Last Updated Jun 6, 2011 11:03 AM EDT
Charney's restrictive contracts lie at the heart of a recent lawsuit in which he was accused of unfairly preventing a model from bringing a lawsuit against him. Charney conducts his own photoshoots for his advertising, the American Apparel web site, and his various promotional and merchandising collateral material.
The model, Tesa Lubens-Dehaven, did not say in the suit why she wants to leave arbitration and go into public court against Charney. Her co-plaintiff, former store clerk Kimbra Lo, claims Charney suggested Lo become one of his models before attempting to have sex with her. AA and Charney deny the claims, saying his accusers sent him sexy photos and emails.
Lubens-Dehaven is almost certainly the "Tesa" depicted in the model index on AA's web site, and in these images (at right).
The contracts are unusually long -- and unusually onerous -- considering the models are paid $50 an hour, according to the agreement, and often only get $300 a session. Here is an example of a standard model contract -- its main purpose to assign rights to the photos to the photographer and not the model. But American Apparel's "Model Release and Arbitration Agreement" is much, much longer.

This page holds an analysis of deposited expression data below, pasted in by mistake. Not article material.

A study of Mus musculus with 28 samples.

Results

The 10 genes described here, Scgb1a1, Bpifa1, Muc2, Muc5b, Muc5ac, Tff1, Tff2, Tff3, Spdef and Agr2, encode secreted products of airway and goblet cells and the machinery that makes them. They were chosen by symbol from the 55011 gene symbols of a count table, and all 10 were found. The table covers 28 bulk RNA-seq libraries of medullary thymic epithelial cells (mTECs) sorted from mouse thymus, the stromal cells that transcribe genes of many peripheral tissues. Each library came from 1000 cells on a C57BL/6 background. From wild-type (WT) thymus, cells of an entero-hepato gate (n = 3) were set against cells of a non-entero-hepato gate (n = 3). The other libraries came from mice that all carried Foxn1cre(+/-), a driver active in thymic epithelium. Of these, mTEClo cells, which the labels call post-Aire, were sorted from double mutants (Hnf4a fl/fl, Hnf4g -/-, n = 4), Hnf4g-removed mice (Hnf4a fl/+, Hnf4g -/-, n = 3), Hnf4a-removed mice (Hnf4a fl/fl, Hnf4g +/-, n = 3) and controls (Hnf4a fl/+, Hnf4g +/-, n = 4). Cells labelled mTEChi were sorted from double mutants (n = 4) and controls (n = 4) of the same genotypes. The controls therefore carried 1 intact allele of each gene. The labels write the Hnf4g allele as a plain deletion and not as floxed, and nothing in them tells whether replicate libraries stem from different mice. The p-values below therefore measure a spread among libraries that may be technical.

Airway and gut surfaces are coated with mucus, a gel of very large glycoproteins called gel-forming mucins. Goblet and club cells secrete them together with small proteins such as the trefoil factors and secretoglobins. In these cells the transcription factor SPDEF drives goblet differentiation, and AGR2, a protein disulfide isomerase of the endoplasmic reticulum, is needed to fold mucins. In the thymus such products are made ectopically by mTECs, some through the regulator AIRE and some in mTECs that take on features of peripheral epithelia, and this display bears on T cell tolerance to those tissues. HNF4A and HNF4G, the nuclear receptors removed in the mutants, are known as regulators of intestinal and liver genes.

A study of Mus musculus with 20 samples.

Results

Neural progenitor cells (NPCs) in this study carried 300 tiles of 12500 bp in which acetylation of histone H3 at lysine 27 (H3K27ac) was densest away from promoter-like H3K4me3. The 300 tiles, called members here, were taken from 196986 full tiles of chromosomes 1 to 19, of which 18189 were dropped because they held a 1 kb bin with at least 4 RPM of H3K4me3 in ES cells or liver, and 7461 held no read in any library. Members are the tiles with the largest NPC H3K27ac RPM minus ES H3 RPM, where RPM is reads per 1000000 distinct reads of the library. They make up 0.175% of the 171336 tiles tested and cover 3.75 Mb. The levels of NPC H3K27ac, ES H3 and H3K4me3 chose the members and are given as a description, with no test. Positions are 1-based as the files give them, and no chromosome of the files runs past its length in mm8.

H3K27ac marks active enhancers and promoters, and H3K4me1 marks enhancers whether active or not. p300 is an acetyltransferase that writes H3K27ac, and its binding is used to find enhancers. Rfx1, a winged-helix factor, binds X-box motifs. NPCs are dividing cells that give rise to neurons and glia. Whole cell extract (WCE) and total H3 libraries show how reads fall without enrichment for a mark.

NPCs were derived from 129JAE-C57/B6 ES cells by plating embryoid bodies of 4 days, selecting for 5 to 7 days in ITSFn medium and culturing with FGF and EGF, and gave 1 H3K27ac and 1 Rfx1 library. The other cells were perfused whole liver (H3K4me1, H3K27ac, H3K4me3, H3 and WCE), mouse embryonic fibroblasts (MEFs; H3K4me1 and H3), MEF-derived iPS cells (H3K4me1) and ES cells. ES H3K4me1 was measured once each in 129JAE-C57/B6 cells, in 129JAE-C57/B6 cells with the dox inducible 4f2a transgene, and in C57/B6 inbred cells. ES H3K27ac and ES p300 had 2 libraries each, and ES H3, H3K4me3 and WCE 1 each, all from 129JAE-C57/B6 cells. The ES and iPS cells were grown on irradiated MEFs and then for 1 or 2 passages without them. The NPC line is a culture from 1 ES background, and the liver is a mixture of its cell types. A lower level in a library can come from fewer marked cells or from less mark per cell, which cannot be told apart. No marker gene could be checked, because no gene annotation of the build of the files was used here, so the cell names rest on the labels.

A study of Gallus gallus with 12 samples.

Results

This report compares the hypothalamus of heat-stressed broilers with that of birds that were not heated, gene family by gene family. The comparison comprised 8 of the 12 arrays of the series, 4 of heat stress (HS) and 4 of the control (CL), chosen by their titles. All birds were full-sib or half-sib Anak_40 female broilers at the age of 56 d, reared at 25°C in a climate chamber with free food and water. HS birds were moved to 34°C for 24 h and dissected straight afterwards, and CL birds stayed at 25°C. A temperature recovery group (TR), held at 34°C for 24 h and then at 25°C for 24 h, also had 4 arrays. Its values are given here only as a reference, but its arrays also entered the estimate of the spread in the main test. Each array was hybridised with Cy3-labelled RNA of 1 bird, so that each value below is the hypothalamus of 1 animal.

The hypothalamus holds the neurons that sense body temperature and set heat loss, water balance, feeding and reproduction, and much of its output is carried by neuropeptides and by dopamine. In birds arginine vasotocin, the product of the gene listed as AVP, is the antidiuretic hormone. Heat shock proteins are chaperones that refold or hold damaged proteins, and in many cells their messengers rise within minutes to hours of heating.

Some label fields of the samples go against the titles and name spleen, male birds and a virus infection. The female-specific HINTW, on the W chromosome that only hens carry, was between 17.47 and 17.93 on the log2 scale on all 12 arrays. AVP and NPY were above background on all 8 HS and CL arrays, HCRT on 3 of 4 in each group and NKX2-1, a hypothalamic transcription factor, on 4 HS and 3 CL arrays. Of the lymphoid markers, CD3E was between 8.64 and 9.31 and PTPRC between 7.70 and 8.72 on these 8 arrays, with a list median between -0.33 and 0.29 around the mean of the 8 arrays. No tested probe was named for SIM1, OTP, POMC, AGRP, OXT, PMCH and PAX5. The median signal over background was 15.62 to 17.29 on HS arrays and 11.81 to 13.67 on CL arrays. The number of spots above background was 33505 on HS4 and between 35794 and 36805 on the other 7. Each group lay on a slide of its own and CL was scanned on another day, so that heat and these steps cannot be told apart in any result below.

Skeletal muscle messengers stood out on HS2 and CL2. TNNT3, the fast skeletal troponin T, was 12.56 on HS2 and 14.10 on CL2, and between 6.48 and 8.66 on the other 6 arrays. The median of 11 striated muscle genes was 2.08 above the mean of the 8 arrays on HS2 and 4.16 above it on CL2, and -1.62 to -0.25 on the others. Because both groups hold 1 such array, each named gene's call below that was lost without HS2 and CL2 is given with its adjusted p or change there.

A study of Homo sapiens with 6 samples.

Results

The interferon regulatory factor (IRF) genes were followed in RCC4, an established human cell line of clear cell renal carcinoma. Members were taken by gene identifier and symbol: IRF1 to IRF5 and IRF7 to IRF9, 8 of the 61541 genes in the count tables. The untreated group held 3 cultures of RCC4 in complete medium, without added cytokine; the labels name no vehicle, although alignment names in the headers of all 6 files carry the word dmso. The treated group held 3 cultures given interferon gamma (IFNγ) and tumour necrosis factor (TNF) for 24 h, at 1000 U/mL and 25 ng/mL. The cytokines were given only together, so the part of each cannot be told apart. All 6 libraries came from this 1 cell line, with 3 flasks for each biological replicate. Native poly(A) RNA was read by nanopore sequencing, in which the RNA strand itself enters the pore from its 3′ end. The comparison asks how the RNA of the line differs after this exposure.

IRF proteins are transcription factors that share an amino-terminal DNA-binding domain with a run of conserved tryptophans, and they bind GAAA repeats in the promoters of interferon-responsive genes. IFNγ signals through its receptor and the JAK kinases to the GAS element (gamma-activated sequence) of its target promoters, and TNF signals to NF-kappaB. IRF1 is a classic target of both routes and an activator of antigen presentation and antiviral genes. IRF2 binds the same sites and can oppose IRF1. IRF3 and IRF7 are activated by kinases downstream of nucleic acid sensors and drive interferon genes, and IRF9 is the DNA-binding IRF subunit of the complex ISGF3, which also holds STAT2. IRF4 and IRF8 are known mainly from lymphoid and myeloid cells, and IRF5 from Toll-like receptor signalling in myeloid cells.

It begins by warning the girl she will not get paid unless she signs the agreement:
It then bans the woman from suing Charney in court:
It insists that the arbitration be conducted in complete secrecy:
And it especially warns models not to go public with any negative information about the clothing chain, "or online on blogs":
Tesa's contract also contains a handwritten note to "Kyung," which is the name of another model who posed nude for Charney. She should make an interesting witness if the case ever comes to trial.